In an analysis piece, Mike Lasusa writes on insightcrime.org that this week marks 10 years since Mexico‘s government embarked on a militarized campaign against the country’s criminal organizations.
But while many criminal leaders have been captured or killed, a decade of confrontation has failed to substantially improve the nation’s security situation.
On December 11, 2006, days after being sworn in, Mexico‘s then-President Felipe Calderón announced that his administration was deploying thousands of federal troops to combat organized crime in his home state of Michoacán.
Interior Minister Francisco Javier Ramírez Acuña said at the time that “the battle against organized crime is only just beginning, and it will be a fight that will take time.”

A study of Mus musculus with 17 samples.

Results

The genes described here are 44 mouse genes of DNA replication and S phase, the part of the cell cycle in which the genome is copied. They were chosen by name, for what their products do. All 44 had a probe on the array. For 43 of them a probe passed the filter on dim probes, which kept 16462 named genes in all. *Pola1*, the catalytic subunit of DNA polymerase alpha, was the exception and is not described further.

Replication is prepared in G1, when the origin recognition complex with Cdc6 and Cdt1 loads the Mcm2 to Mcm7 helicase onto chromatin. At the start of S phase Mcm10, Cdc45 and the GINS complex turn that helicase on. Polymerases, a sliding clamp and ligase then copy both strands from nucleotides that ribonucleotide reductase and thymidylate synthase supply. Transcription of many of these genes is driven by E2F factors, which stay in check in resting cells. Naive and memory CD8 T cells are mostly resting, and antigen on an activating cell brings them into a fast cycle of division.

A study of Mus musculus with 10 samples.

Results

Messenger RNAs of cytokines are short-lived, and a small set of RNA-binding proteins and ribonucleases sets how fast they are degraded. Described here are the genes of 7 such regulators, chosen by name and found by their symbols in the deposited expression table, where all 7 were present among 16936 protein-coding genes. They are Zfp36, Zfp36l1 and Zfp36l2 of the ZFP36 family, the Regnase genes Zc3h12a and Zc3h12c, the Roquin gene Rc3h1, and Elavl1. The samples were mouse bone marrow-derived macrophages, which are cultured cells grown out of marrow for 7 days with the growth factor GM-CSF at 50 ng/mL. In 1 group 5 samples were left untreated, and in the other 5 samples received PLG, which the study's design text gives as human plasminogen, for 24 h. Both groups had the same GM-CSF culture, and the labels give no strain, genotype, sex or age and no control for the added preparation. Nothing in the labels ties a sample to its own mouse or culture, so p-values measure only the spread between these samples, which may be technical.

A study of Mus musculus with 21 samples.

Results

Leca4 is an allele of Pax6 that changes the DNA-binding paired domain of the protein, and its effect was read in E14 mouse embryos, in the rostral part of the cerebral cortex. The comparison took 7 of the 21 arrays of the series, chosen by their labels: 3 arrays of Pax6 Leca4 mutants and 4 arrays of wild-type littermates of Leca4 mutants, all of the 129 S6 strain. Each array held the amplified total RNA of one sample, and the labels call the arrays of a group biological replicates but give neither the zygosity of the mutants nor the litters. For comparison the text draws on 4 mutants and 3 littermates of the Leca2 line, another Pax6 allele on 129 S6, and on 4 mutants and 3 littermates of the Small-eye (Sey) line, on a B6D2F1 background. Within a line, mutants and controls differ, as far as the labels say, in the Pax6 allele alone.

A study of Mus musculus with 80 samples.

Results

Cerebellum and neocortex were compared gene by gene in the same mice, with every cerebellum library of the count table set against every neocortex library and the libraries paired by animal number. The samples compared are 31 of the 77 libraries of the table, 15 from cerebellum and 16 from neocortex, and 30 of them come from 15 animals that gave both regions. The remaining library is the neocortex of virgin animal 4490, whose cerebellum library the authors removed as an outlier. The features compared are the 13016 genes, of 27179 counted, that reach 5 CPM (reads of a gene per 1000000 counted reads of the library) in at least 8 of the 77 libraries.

Ten years later, Michoacán remains one of Mexico‘s most violent states.
Vigilante groups — which have long posed a dilemma for local authorities — continue to operate in the area. Several such groups are suspected of participating in criminal activities, rather than combating them.
And despite the recent capture of several top leaders, the dominant local criminal organization, the Knights Templar, appears as willing as ever to directly confront the authorities, reportedly downing a government helicopter during a September security operation.
In many ways, Michoacán is a microcosm of the larger problem, as high levels of violence persist at the national level, even areas where the government has spent millions on security. The months of August and September were the deadliest in Mexicoin almost 20 years, with organized crime estimated to account for nearly 60 percent of the more than 15,000 homicides recorded so far this year.